US Secretary of State John Kerry will meet Palestinian negotiators on Wednesday in Washington to discuss the ceasefire in the Gaza Strip and other issues, the State Department said.
Kerry was also expected to speak with Prime Minister Benjamin Netanyahu by telephone on Tuesday before meeting Palestinian negotiator Saeb Erakat, State Department spokeswoman Jen Psaki told reporters.
The fresh talks — Kerry’s first face-to-face meeting with the Palestinians since late July — comes as the Palestinians say they will put forward a resolution later this month to the United Nations to set a three-year deadline for the end of the Israeli occupation of territories they claim are rightfully theirs.
“I think they’ll talk about a range of issues. There’s obviously an ongoing ceasefire discussion and upcoming negotiations that will take place. There’s a range of longer-term issues,” Psaki said Tuesday, without going into detail.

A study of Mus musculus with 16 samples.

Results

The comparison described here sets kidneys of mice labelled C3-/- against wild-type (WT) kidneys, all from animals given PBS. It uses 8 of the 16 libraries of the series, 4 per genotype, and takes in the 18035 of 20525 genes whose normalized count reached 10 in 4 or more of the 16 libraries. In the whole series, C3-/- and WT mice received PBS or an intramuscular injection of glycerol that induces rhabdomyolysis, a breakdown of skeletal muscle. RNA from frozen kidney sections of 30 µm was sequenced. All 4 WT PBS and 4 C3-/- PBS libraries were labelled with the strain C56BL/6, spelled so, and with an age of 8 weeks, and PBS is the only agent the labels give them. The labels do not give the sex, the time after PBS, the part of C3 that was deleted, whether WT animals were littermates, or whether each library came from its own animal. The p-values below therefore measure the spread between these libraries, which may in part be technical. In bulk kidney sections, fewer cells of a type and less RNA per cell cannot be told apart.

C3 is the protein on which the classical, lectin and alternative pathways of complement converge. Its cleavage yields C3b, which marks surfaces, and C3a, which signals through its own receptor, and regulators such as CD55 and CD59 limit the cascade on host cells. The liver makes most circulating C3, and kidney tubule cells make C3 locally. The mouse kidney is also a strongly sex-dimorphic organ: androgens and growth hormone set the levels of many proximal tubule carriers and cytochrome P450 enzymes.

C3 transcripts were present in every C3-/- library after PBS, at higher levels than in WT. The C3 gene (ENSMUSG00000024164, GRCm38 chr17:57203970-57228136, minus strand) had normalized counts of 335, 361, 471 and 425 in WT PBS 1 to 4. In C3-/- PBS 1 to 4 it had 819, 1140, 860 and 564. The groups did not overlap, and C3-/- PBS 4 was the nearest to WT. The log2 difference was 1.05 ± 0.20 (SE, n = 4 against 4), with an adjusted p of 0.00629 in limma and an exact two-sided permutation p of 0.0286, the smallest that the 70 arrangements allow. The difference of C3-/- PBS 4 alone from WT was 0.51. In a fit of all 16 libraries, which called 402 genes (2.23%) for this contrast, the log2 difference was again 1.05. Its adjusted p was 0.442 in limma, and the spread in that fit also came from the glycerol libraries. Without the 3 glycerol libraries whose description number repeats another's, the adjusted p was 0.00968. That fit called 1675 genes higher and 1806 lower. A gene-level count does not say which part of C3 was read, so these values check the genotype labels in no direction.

Last week, 50 days of fighting between Israel and Hamas ended with an open-ended ceasefire between Israel and Palestinian terrorist groups, brokered by Egypt. The two sides are supposed to meet soon for negotiations on a long-term truce, but no date has been announced yet for the start of the talks.
Kerry last met Palestinian leaders in late July, less then a month into the conflict, when he sought in vain to mediate a truce.
His bid to reach a comprehensive peace deal between Israel and the Palestinians collapsed in April amid bitter recriminations among both sides.
On Sunday, Abbas gathered his advisers at his Muqata’a headquarters in Ramallah ahead of a planned visit by Erekat, his chief negotiator, and intelligence chief Majed Faraj to the US. Both negotiators are set to meet next week with Kerry and present him with Abbas’s new diplomatic proposal.
The plan, which Abbas is set to submit for Arab League approval by the end of this week, envisions filing a request with the Americans in the coming days to pressure Israel to present a map of a future Palestinian state as the basis for substantive negotiations.
After Israel presents the map, Abbas’s plan calls for a firm timetable to be laid down for a gradual Israeli withdrawal from the West Bank and the establishment of a Palestinian state with Jerusalem as its capital.
Avi Issacharoff contributed to this report.